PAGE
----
What Is Patriotism?


With the tenth anniversary of the September 11th attacks, various news outlets talk about how patriotic so many Americans became after that day.  They mention the numerous displays of the American flag, signing up for the military, and donating blood.  I guess that that makes sense, since those things are traditionally associated with patriotism.  To me, patriotism is something different.

In the American Revolution, Patriots were not the people who blindly followed the lead of others.  They were the people who stood up to one of the most powerful governments in the world and said, “Enough is enough.”  They were the people who dissented.  They were willing to alienate themselves from members of their own families and social circus in order to make the country a better place.

We forget in this country that sometimes love for one’s country is best expressed in challenging the policies and the laws that exist in the country.  We forget that the protesters and the pamphleteers were the people who changed the country so much throughout the years, and even gave it its start.  Yes, we are an independent country because the military and militias (before the national military truly formed) fought to make it that way.  We are also an independent country because non-military people chose to speak out against injustices.  They are just as important in the history of the country as the people who fought in wars.  They are the people who shaped our philosophies and our ways of life.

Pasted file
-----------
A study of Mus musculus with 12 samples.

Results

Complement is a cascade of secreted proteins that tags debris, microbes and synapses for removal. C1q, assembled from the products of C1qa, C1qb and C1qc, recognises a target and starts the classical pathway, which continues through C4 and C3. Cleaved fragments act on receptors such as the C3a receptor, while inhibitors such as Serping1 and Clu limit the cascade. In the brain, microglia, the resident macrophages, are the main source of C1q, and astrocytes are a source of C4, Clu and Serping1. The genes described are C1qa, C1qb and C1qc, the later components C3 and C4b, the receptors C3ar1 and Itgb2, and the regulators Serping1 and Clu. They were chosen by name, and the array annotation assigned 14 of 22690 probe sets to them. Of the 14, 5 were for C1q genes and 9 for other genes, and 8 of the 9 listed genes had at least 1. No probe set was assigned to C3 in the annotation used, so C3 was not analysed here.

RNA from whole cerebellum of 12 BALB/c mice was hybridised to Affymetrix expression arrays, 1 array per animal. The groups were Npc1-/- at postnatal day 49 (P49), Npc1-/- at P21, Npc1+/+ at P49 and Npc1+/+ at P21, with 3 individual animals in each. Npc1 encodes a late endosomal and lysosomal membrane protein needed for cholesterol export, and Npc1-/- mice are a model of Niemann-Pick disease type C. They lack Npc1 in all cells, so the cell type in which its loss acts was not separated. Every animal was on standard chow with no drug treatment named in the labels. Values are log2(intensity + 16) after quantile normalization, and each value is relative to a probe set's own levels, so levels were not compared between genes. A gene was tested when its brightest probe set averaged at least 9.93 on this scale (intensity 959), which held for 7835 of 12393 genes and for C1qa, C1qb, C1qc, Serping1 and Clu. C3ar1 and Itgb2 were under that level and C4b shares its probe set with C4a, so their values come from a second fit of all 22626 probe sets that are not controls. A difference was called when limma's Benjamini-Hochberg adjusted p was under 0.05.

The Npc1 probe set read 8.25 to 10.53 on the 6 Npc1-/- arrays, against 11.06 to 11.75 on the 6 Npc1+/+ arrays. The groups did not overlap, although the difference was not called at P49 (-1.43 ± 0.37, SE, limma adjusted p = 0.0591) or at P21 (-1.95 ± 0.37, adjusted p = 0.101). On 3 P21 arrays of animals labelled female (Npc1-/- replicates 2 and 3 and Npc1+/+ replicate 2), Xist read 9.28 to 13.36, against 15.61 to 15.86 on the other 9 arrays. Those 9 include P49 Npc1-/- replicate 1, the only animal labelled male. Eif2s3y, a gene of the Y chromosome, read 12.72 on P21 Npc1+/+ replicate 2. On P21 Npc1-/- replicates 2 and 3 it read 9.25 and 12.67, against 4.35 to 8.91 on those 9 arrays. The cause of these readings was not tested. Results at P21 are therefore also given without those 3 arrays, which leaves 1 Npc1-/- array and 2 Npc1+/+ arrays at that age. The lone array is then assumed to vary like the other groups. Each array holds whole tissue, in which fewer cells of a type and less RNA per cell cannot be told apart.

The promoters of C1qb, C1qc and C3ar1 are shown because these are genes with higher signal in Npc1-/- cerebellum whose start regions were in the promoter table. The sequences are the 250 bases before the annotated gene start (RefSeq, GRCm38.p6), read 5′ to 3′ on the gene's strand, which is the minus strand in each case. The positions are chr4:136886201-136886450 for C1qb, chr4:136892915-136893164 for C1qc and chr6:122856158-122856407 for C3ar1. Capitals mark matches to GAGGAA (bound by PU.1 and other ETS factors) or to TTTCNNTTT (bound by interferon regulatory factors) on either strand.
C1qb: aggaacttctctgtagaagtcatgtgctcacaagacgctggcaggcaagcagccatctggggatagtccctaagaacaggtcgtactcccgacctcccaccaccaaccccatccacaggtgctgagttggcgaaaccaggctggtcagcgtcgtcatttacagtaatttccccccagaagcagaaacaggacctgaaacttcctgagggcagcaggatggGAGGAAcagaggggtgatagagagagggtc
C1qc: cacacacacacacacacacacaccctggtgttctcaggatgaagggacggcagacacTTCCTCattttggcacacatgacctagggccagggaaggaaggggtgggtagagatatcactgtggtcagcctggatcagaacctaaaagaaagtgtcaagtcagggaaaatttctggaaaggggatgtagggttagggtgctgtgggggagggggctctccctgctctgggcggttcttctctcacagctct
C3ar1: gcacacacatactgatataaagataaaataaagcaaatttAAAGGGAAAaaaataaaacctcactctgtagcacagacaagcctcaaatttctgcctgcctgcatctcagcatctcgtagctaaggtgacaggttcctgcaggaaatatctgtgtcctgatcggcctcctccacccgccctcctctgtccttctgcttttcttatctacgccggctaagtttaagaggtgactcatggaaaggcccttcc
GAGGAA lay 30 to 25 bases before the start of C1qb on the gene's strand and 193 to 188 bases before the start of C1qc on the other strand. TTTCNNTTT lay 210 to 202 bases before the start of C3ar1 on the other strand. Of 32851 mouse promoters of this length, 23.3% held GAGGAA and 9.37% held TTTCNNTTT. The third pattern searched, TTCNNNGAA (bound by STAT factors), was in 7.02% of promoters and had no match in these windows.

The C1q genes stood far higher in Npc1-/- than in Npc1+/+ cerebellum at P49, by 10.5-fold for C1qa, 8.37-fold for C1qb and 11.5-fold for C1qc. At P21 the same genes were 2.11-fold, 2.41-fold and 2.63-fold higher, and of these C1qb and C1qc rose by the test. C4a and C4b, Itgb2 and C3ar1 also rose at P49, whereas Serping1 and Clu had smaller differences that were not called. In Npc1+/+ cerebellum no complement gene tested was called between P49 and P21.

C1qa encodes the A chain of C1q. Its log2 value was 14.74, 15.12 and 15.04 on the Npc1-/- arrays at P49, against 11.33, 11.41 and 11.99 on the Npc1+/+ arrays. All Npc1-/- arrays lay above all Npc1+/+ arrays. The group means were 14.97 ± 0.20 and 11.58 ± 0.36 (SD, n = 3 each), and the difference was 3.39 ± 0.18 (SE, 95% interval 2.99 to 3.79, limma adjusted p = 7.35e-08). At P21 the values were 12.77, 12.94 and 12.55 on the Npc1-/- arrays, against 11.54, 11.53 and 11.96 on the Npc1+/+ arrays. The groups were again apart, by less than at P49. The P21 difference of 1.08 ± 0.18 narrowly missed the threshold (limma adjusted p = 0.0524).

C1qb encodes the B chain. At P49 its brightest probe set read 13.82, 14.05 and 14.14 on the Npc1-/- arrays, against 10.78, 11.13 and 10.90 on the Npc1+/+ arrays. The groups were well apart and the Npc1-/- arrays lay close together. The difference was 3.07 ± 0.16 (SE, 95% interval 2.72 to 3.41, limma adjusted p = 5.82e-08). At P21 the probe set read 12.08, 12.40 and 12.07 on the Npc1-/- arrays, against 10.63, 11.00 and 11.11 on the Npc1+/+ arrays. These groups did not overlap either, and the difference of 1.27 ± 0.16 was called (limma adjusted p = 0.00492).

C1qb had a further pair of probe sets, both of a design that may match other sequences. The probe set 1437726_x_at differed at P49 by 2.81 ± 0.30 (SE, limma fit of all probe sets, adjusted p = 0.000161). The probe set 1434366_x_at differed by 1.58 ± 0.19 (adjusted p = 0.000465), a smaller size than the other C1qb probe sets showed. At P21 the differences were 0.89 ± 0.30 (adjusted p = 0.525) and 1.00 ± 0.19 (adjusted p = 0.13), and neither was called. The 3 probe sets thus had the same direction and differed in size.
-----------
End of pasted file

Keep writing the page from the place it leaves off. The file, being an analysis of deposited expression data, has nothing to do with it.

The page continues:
So, why is it that we continue to ignore the contribution of those people?  Why is it that, after the terror attacks of 9/11, when people challenged policies of the Bush administration, people were called traitors or unpatriotic?  It happened quite a bit.  Any person who didn’t agree with George Bush got to find out quickly that there was no appreciation for dissent following 9/11.  People like Natalie Maines, Sean Penn, and your average everyday liberal bloggers got hounded, with some threats being made against some dissenters.  Why was voicing a different opinion unpatriotic?  And why don’t we acknowledge that there was an almost “Stepford wife”-style expectation of American citizens?

We should acknowledge all patriots; and we shouldn’t gloss over the past 10 years, or any part of our history, to make it look like America is some shiny, happy place.

Original Article


About Janet Morris

I'm from Huntsville, Alabama. I've got as many college credits as a doctorate candidate, and the GPA of some of them, too. I have a boss by the name of Amy Pond. She's a dachshund. My parents both grew up in Alabama.